Fox News CEO Roger Ailes stepped down amid sexual harassment allegations.
The former Fox News CEO crossed the line between unbiased coverage and political activism with ease.
Same news, different medium?
Social networking, smartphones, ad blockers, oh my. A global survey of 50,000 news consumers assessed the ways we get our news in 2016.
Newspaper stand in London.
Researching how news has changed from the 17th century to the present makes two scholars sanguine about its future.
In the press room…
Trump's campaign challenges the conventions of politics and liberal democracy. So maybe the time has come to question how journalists practice objectivity.
For years, Talese’s subject, Gerald Foos, spied on his motel guests.
'Binoculars' via www.shutterstock.com
When Gay Talese signed a confidentiality agreement with a motel-owning voyeur, he got access to the voyeur's journals and secret viewing perch. But he also allowed the spying to continue for over a decade.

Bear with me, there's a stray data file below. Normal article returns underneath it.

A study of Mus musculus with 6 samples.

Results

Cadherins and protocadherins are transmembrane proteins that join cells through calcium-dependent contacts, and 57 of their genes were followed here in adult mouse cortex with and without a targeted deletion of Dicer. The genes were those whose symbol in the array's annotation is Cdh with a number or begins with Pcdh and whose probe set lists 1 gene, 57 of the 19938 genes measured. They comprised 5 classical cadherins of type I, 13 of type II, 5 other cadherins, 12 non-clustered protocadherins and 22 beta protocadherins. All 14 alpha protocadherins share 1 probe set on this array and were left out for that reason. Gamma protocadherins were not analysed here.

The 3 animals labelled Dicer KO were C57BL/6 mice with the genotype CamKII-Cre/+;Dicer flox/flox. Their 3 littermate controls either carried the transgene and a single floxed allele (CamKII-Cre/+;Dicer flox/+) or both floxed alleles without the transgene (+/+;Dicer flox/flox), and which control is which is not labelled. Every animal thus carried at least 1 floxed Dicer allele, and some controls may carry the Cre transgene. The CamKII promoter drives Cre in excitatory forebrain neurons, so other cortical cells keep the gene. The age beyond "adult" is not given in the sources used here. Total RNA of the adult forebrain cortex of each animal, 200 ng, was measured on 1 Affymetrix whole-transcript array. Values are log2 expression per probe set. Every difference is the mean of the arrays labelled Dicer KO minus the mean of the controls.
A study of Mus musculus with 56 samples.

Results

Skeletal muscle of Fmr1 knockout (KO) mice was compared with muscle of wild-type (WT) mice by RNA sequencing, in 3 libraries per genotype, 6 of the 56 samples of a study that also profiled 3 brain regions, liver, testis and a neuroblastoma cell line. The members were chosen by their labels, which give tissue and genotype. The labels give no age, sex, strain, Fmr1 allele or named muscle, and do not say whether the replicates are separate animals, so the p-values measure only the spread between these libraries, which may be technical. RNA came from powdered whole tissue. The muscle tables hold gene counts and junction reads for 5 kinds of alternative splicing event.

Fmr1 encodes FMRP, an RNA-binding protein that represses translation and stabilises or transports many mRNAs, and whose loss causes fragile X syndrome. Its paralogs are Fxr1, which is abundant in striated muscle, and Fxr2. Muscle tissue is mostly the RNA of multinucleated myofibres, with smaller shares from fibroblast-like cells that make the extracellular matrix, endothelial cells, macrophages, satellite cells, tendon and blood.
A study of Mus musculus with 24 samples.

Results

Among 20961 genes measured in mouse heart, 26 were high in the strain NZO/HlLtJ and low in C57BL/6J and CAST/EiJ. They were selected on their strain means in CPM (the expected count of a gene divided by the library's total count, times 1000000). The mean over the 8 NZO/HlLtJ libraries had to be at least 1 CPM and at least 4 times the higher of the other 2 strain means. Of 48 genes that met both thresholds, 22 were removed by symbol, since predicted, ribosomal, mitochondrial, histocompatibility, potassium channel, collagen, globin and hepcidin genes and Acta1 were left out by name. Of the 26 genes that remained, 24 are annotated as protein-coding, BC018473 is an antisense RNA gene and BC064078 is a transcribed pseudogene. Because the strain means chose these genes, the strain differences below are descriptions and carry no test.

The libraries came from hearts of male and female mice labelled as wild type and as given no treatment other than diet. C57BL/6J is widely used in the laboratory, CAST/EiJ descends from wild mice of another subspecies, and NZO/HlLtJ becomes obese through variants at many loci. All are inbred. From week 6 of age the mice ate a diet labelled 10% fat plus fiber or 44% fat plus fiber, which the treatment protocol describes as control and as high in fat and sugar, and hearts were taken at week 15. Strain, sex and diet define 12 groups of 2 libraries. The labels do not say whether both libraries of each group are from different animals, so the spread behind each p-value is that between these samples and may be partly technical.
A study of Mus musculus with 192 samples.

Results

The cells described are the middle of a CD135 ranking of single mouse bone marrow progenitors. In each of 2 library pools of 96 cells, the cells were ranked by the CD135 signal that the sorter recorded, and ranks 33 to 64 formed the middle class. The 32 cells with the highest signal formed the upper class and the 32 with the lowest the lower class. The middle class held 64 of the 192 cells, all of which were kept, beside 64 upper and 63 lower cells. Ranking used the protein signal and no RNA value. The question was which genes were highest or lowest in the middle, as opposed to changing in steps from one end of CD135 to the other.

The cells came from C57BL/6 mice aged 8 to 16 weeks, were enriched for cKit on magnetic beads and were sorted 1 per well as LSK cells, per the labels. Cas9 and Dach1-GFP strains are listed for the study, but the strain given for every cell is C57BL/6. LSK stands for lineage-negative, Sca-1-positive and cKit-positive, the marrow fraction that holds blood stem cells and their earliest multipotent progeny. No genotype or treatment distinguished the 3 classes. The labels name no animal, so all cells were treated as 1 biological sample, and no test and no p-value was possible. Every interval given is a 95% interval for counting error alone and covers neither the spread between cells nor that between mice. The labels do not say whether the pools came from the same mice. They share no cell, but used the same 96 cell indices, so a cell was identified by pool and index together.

Democratic presidential candidate Hillary Clinton fields questions from reporters in Dover, New Hampshire.
A partisan media landscape has made it almost impossible for journalists to avoid charges of bias when calling out a candidate's dishonesty.
Hungry for information: the media, here covering the shooting in Oregon, falls into now-familiar patterns in covering mass shootings.
The media repeatedly creates instant profiles of public shooters as shy, troubled loners, perpetuating the sense of helplessness over mass killings.
Barack Obama has challenged the US media on gun laws, but despite the First Amendment, journalists are too scared to speak against abuse of the Second Amendment.
For anyone interested in the growth of the The Conversation's unique form of global journalism there has been some interesting coverage this week.
Hiroshima, August 6 1945, and Nagasaki, August 9 1945.
From the air and on the ground: the reporters who told the HIroshima and Nagasaki stories to the American public.